One particular flavor of malaise is all too common among frequent world travelers: If  you go on enough tours of enough places, chances are good that your destinations will eventually all begin to look the same.

How does this happen? The highly structured nature of traditional group tourism may have something to do with it. For years, tours to most anywhere in the world have been run on a single template built generations ago: Pile a bunch of people on a bus, take them on a short visit at a highlight attraction, feed them something quick and cheap, and then continue to the next destination.

When all tours are run the same, is it any wonder that all destinations begin to feel the same too?

Fortunately, the homogeneity of the past has begun to give way to diverse ideas that are changing the international travel experience. As a new generation of travelers brings its tastes and demands to the marketplace, tour operators are adapting their practices and beginning to approach their international products from a new perspective.

We caught up with five tour operators — some large and some small — to find out how they are putting new twists on favorite destinations around the world.



Like other large-scale tour operators, Collette built its reputation on panorama tours that include multiple cities — and even multiple countries — and that often span two weeks or more. But in order to offer both increased free time and more in-depth experiences, the company has rolled out a new line of tours that highlight individual cities.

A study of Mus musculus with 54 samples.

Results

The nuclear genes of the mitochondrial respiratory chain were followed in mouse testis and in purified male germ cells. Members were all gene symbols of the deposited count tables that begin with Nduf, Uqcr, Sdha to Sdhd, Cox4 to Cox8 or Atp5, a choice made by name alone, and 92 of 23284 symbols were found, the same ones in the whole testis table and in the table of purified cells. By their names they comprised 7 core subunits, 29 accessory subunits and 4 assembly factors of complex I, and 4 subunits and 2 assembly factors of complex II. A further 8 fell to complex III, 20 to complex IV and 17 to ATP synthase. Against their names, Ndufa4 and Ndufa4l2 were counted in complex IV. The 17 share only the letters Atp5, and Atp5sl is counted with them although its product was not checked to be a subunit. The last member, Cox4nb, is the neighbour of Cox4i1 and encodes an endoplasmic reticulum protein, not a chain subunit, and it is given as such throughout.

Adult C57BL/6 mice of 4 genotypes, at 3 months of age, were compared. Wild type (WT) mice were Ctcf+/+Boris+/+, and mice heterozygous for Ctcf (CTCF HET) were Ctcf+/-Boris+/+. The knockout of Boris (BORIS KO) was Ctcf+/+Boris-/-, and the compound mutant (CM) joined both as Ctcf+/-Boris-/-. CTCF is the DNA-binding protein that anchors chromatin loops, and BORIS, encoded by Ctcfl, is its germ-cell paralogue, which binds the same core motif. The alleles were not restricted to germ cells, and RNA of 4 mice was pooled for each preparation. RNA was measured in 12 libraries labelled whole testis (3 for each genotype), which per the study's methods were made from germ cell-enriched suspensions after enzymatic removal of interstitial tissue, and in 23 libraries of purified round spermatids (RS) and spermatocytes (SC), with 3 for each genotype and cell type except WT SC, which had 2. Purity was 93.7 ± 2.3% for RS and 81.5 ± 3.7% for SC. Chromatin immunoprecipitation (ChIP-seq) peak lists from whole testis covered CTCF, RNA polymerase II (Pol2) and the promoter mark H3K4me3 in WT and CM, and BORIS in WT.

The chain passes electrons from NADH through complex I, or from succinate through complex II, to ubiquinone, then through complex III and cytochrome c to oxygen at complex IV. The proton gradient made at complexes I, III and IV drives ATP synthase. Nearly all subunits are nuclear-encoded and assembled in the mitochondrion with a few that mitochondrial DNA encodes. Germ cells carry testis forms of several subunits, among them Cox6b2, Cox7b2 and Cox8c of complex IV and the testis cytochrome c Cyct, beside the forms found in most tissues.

“We have a new product line called Spotlights,” said Juan Gali, director of product development at Collette. “It’s just five or six nights in a bucket list destination that you have to see in your lifetime, places like London, Dublin, Paris, Rome, Florence, Venice, Madrid and Barcelona.

“There may be two, or two and a half days of included activities, and then we give you free time to explore the city on your own. It’s about striking the right balance between flexibility and guided touring. So we’ll have a choice of included activities on the same day.”

Collette is also looking to refine its approach to restaurants and hotels, two essential tour components that have become more important for today’s travelers than they were in the past.

“We’re finding that the expectations and the standards for food and meal experiences are growing more and more,” Gali said. “We’re trying to incorporate more local restaurants, instead of having lunches and dinners at the hotel, which was the norm 10 years ago. We’re looking at wine tastings and hands-on experiences, like cooking your own food, participating in cooking demonstrations and visiting local farms.”

Gali said baby boomers and other younger travelers are also more demanding about the amenities included at hotels. Internet access is a must, he said, and it’s becoming more common for hoteliers to include in-room Internet access at no charge for tour groups.

Brian Jewell

Brian Jewell is the executive editor of The Group Travel Leader. In more than a decade of travel journalism he has visited 48 states and 25 foreign countries.